Tuesday, December 12, 2017

My book saved someone's life

Five years ago, I self-published the second edition of a book I’d originally written with my friend and associate Lauren Gellman in 1998. The first edition, which was published by St. Martin’s Press, was out of print, and I didn’t want to go through the long, grueling process of finding an agent and publisher again. So I went ahead and published an electronic second edition on Amazon.

After a few months of promotion, during which I gave away more than 15,000 copies, I turned my attention to other projects. I stopped reading the reviews on Amazon — until yesterday, when for some undefinable reason I decided to see if anything new had popped up.

The book is Chronic Fatigue Syndrome: A Treatment Guide, 2nd Edition. At the time of its first release in 1998, there were no other books on the market focusing on treatments for the disease, which is not only difficult to treat, but permanently disables about a quarter of the people who contract it. (In the late 90s, the press was still calling it “yuppie flu.” It is properly called myalgic encephalomyelitis.) The book was groundbreaking. But only 5,000 copies were sold. The book’s release was, as a British friend of mine put it, “Silent as a pee in bath.”

The second edition was about twice as long as the first. (One reason I published the second edition as an ebook was that nobody would have been able to afford, let alone lift, a 750-page book.) I put a year of work into it, which I chalked up as a “labor of love” — something that was a noble effort, if ultimately unacknowledged.

All of that changed yesterday. Below is the review I found of my book. I don’t know this person. I will never meet this person. But my heart was torn when I read this review on Amazon.

They say that if you reach even one person, it makes writing worthwhile. In this instance nothing could be more true. Someone Astonishing, I did it all for you.


By Someone Astonishing on January 4, 2017

I’m wiped out. That’s how I feel right now. And pretty much most of the time . . . for the past 26 years. I had toyed with the notion that my malady might be Chronic Fatigue Syndrome, but I already had so many weird, random, all-in-my-head symptoms, that I hated to bring it up and sound like even more of a hypochondriac to my doctor. Admittedly, I used to be more assertive and push for doctors to hear me: there was more wrong with me than a constant string of random, unprovable, seemingly-unrelated symptoms. But, I always came away with a psych referral — not a diagnosis. So, I grew leery of bringing up more than the manifesting symptoms. But, I’ve been with my doctor for ten years; if I was really sick with CFS, wouldn’t she have realized it? She already diagnosed me with fibromyalgia years ago (often a dual diagnosis). Wouldn’t she have caught on? After all, I constantly complain of fatigue and malaise, as well as all the other hallmarks. Well, the answer is a resounding NO. The medical community cannot be counted on to recognize or even believe CFS exists.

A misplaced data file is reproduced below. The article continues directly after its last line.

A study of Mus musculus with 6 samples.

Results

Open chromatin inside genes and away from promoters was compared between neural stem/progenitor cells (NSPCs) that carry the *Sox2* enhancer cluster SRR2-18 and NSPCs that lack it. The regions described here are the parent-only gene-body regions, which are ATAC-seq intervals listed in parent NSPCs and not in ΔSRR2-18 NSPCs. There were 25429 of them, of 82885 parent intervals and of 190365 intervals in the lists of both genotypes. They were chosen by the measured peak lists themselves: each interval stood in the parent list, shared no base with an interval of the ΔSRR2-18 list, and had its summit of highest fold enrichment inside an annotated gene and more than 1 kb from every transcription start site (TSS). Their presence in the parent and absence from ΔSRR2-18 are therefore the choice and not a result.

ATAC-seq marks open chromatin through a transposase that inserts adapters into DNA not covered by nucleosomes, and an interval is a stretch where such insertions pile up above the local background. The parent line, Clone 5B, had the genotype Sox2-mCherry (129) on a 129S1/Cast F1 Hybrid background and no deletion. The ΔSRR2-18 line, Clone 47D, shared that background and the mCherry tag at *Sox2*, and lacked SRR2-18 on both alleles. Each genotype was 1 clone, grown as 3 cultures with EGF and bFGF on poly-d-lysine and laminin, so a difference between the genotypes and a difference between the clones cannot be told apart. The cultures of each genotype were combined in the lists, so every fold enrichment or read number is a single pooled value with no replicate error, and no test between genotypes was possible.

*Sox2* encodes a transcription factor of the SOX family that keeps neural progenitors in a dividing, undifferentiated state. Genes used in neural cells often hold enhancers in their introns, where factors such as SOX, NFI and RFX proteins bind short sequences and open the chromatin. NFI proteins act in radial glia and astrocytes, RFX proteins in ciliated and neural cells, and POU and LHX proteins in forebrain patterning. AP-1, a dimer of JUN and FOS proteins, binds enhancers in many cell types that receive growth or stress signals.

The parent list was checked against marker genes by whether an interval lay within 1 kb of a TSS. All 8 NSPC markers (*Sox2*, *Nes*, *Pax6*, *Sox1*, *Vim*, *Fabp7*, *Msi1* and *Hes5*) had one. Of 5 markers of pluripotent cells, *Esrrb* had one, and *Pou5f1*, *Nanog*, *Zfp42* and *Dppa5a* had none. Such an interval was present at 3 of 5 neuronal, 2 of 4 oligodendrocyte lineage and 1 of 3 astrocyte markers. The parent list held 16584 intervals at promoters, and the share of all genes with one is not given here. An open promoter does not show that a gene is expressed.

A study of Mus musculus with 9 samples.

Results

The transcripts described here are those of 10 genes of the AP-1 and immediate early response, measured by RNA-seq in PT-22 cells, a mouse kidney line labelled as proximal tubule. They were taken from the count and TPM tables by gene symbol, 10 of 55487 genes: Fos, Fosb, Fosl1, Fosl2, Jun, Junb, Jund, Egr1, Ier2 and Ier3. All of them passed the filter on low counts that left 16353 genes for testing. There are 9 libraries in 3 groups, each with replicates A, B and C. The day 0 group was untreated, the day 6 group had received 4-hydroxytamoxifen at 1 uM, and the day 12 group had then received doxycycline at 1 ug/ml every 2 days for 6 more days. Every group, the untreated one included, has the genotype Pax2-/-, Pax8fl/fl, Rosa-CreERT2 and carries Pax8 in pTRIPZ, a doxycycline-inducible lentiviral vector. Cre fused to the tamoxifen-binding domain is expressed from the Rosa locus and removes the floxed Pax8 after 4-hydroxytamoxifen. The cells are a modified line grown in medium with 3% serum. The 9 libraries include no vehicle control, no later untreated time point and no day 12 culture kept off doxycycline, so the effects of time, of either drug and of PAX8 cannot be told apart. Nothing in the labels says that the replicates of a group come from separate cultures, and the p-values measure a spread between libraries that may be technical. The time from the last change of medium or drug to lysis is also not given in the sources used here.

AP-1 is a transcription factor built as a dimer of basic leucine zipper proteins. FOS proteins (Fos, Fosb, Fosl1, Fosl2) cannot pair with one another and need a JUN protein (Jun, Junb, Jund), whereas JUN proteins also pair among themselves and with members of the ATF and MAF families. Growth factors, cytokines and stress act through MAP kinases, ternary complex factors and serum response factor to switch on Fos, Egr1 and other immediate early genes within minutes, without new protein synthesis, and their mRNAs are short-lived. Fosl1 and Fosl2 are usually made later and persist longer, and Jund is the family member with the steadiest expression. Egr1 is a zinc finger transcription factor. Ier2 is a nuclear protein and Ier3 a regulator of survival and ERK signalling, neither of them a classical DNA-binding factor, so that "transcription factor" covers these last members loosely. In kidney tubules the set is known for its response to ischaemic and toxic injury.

So, I struggled with the brain fog and read this book to try to help myself. All of my “imaginary” symptoms? Every one of them is described in this book. Here were my decades of misery and depression laid bare. I was now able to put together a clear picture of my illness and present it to my doctor. She heard me out and actually agreed with my diagnosis. And, although there’s nothing more we can do than treat the symptoms as we have been, I feel better. No, wait, I don’t feel better. But, I do feel free.

I no longer doubt myself. I don’t question if my symptoms are real. I don’t blame myself or fitness level when I’m out of breath and can’t do things. I’m not constantly pushing myself, trying to do everything like “normal” people can (and like I thought I should). I no longer work myself to the point that it takes 4 days to recover from 1 afternoon. I’ve accepted my limits and am making sure that those closest to me accept them, too. For decades, I was ruthlessly mean to myself for being lazy or overweight or out of shape. Everything was a failure on my part.

I’ve been miserable; I was beyond depressed. This book literally — and I do mean literally — saved my life. I couldn’t have forced myself to go on much longer. Yes, I am saying that I would definitely have been a suicide statistic. But, I gained power from reading: power to name my tormentor, power to stop blaming myself and power to find some inner peace.

Now, I follow the stellar advice, found here, of planning what I intend to accomplish each day and then do 75% of it. This remarkably simple tip has helped me reshape my life. I make it through my day unfrazzled, and still have something left for tomorrow. My experience with this book has been wonderful. I wholeheartedly recommend this work to anyone wondering if they might have CFS or to those just wanting to gain a better understanding of the syndrome. It’s an extremely thorough and well-written treatment of the subject.

Now, I thank you for reading my story, but I really am worn out and my shoulders are killing, but my attitude is soaring like it hasn’t in . . . forever. Time for a rest, friends.


Epilogue: I thought my work was over when I published my book, but since then it has only expanded. Someone Astonishing, like so many others, has nowhere to turn for help. One book was not enough, so I founded a national non-profit, the American Myalgic Encephalomyelitis and Chronic Fatigue Syndrome Society (AMMES.org). Its aim is to help patients find knowledgeable physicians, effective treatments, support, and practical assistance. There is hope.